In a mass radiological event, medical response and triage would involve large populations with widely varying radiation exposures as well as conventional trauma. Responding to the incident would require timely decisions on patient care, including the ability to identify the portion of the population likely to suffer from Acute Radiation Syndrome (ARS).
The ability to prioritize treatment of victims likely to develop acute radiation syndrome (ARS) is vital in any nuclear response scenario. In a radiological event, the challenge of response is compounded by the delayed symptoms of ARS. The onset and severity of ARS symptoms is directly related to the dose of radiation absorbed, where the effects of damage to gastrointestinal organs can be seen in hours, hematologic system in days, and the central nervous system over weeks. Effective response requires a diagnostic method to identify which individuals need immediate versus near-term treatment, while transferring those among the concerned public out of the treatment path. REDI-Dx® is being developed to help estimate individualized levels of radiation absorption from a blood sample.
For the emergency response teams, managing tens of thousands of victims with actionable information that can be integrated into platforms for response management is critical. Table 1 illustrates an alternate scenario envisioned after a nuclear event when using REDI-Dx.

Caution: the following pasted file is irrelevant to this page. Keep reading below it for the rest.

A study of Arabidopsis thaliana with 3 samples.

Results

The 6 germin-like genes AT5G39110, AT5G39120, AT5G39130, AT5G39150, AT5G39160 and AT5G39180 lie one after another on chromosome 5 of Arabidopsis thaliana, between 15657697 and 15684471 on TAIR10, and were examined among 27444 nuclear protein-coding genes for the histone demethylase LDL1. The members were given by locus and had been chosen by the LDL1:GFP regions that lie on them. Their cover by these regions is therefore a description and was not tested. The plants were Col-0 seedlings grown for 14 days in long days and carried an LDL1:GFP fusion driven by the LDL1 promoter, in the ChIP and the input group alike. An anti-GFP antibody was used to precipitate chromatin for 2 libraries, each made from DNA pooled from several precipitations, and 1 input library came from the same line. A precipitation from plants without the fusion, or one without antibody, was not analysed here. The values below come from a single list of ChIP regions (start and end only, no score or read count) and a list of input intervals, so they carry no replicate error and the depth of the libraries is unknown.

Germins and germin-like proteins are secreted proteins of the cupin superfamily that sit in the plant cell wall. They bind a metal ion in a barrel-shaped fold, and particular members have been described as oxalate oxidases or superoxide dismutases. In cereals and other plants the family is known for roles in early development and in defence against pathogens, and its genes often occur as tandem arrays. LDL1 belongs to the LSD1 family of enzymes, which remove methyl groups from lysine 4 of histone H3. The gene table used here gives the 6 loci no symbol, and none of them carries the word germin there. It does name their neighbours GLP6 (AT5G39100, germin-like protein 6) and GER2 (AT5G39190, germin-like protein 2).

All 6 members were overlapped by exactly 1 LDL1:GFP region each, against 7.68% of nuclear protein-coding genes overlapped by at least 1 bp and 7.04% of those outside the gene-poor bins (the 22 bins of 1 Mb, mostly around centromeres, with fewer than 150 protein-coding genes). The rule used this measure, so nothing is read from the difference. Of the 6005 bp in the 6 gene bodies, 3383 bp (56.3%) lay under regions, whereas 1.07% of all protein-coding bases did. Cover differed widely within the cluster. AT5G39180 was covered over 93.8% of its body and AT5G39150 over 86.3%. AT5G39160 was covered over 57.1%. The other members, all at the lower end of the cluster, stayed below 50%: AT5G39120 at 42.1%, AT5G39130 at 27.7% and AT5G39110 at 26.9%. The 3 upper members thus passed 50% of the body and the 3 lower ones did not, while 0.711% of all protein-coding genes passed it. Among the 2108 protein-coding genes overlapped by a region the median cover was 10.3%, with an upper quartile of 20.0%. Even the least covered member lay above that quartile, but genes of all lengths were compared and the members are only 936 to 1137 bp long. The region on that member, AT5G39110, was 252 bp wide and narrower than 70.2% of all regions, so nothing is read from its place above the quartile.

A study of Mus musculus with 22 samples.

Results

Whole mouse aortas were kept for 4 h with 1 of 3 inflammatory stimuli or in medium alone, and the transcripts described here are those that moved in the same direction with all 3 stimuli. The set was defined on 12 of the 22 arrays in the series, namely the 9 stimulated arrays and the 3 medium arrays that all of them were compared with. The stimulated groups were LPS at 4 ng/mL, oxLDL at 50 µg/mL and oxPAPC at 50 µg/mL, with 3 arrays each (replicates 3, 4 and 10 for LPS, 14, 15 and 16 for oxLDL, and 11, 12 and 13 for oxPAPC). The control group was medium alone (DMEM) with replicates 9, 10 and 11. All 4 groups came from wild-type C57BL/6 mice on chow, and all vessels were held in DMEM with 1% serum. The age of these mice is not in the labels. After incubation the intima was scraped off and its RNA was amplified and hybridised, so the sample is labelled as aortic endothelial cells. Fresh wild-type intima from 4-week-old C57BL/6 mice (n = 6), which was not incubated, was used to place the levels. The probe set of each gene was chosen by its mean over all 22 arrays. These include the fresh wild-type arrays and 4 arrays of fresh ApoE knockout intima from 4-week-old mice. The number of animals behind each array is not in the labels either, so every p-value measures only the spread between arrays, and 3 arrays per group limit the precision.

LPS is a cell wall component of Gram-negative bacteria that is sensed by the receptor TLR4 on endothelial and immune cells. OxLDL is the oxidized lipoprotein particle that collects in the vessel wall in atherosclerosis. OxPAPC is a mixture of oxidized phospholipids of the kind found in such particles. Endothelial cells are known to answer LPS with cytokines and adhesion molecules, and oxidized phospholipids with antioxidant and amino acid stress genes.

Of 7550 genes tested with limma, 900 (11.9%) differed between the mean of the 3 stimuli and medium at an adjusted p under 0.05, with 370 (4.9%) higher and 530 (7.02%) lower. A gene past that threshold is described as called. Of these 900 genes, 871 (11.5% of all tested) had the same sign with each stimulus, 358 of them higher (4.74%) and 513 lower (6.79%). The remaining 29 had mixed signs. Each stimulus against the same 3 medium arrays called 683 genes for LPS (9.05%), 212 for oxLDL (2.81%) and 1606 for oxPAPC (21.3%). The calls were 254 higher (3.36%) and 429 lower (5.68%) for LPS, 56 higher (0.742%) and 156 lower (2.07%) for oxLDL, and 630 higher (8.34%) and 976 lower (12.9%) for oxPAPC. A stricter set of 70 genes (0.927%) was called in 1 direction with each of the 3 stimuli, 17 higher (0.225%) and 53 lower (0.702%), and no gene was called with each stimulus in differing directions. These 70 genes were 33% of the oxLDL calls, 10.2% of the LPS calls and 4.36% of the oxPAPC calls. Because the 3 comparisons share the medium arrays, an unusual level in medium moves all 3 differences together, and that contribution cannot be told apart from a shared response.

REDI-Dx® is being developed to integrate into existing platforms and protocols for response management and patient tracking. Blood samples would be collected using standard phlebotomy methods into DxCollect® Blood Collection Tubes containing a solution that intends to stabilize the sample for up to 14 days without refrigeration, minimizing the complexity of sample handling and shipping. Once received at a qualified testing laboratory, high-throughput testing can be completed in less than one day, and results returned electronically through established reporting systems.